Thursday, January 29, 2009

Idea File: How to Use Leftover Food Scraps

I'm starting what I think may become a regular series known as the "idea file." Ever find an idea while reading a magazine in the doctor's office? Or you see a commercial on television late at night that reminds you of something you need to do 2 weeks from now? Or you're out with friends and someone mentions a great book you want to read or store you want to go to and suddenly you're afraid you'll forget it? That's what my idea file is for - to help me remember those flashes of inspiration so that I can come back to them later. Hopefully these little tidbits might help some of you as well!

Today I heard an idea on the Splendid Table's "How to Eat Supper" podcast. (Yes I'm just catching up on a series of podcasts that originally aired starting in the spring of 2008. Hot tip: Podcasts are perfect for a stranded foreigner with no satellite television and therefore nothing to watch in English especially if you have plenty of time to ride the trains and listen to audio podcasts of your beloved English language!). The discussion was in part about how Americans toss lots of leftover scraps that many other cultures would eat or cook with in ways we don't often think to do in the U.S. Now, if you're composting you're already "greening things up." But at our small urban townhome in Seattle, we haven't worked out the details of composting yet (although the city will now collect our kitchen scraps with our yard waste which seems like a step in the right direction) and as result this idea is an eco-friendly way for us to make the most of what we have.

Anyway, let's say you can't or don't compost. What are doing with all those chicken bones, beef bones, carrot and potato peelings, tops of celery stalks, ends of onions etc.? You could just toss them in the garbage. But the host, Lynne Rossetto Kasper suggests tossing everything into freezer bags instead. Store them in the freezer until you're ready to make stocks or broths. In the past, we've tried to immediately whip up the broth the next morning which frankly wasn't always that convenient and multiple ingredients might be missing. Using this idea enables you to have the makings of a quick vegetable or chicken broth when it's convenient AND when you've got lots of good scraps on hand to "sweeten the pot" so to speak.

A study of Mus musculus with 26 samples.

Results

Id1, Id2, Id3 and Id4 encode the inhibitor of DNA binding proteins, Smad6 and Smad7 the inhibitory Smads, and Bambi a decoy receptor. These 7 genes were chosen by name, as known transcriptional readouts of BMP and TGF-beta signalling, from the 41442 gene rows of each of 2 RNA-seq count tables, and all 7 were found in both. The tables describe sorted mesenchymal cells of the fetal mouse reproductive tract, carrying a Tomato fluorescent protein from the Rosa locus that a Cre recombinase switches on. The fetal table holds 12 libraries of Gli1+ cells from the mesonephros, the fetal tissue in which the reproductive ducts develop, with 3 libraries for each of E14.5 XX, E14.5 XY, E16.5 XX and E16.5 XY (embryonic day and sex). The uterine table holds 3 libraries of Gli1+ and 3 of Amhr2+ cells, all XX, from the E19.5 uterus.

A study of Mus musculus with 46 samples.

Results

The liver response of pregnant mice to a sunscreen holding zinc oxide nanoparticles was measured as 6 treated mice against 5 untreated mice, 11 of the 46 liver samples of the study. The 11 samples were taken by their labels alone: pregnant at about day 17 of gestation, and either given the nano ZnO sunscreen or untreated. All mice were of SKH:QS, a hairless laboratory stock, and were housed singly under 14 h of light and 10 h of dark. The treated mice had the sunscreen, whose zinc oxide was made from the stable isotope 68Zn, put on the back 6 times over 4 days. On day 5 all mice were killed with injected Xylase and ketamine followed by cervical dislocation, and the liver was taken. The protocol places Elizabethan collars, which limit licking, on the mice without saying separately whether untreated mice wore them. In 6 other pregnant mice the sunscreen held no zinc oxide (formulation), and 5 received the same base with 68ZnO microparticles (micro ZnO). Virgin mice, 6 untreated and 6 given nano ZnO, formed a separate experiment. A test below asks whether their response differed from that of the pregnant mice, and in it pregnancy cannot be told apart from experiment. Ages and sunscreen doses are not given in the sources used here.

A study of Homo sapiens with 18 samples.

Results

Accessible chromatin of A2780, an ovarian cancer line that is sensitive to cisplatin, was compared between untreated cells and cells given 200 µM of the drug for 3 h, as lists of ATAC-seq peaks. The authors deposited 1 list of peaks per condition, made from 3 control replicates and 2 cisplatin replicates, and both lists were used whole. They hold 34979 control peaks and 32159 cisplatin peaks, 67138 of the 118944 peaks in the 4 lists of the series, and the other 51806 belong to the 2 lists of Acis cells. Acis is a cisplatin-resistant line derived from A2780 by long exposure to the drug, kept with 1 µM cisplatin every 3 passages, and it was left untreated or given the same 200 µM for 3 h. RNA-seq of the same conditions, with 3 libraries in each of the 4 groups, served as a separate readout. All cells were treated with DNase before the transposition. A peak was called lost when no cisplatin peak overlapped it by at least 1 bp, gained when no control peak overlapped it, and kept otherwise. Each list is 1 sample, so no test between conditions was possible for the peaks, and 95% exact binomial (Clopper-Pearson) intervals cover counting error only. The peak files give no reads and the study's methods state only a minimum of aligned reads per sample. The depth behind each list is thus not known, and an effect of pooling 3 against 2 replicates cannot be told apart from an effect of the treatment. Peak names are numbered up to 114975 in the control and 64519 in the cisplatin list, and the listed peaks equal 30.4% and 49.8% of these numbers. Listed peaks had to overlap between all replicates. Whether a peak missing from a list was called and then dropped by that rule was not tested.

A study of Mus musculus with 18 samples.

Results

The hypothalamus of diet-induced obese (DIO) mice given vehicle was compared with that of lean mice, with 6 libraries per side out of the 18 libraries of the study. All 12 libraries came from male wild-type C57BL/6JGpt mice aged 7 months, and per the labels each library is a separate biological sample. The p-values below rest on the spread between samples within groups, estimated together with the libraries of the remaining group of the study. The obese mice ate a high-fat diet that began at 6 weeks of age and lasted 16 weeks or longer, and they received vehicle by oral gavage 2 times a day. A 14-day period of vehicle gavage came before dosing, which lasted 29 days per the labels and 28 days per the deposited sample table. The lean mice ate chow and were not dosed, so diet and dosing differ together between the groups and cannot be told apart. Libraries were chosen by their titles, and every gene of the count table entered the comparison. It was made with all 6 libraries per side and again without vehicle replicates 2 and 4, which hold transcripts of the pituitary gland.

Likewise, have an apple, peach or apricot sitting around that's starting to wilt? Make a fruit sauce with some hot water, a little sugar, and cinnamon or vanilla and you've got a perfect ice cream topping that you can store in the freezer. What a great way to use those foods which might otherwise go right into the garbage! And what a time saver!!


  1. We have a chest freezer and I have several 'soup bags' going- pork, chicken and fish. They are really yummy. :) BUT, my MIL came to help out when I was i hospital and FREAKED that we only had 'rubbish' is the freezer. She turfed everything and spent the whole week cooking things like 20 sardines boiled in pickled plums. Now which is rubbish? ;P Bentos are the absolute best recycler there is. Very few dishes can't be put in a bento!

    And I'd love a post on your favourite podcasts (hint, hint!) Mine is full of Sesame Street...

  2. How to use leftovers - my favorite kitchen subject! I'm a leftovers fiend. Although even I haven't graduated to using rubbish. I also have a freezer, and yes it has pulpled fruit and chopped tomato in it! I think I'll start a soup scraps bag.

  3. When I cook I try to use everything, even the "bottom" scraps from spinach and dip them in some type of sauce (mayo perhaps)!

    I wish I could be more disciplined and place them in a freezer but I don't think I would be very successful at it. I really solute those who can.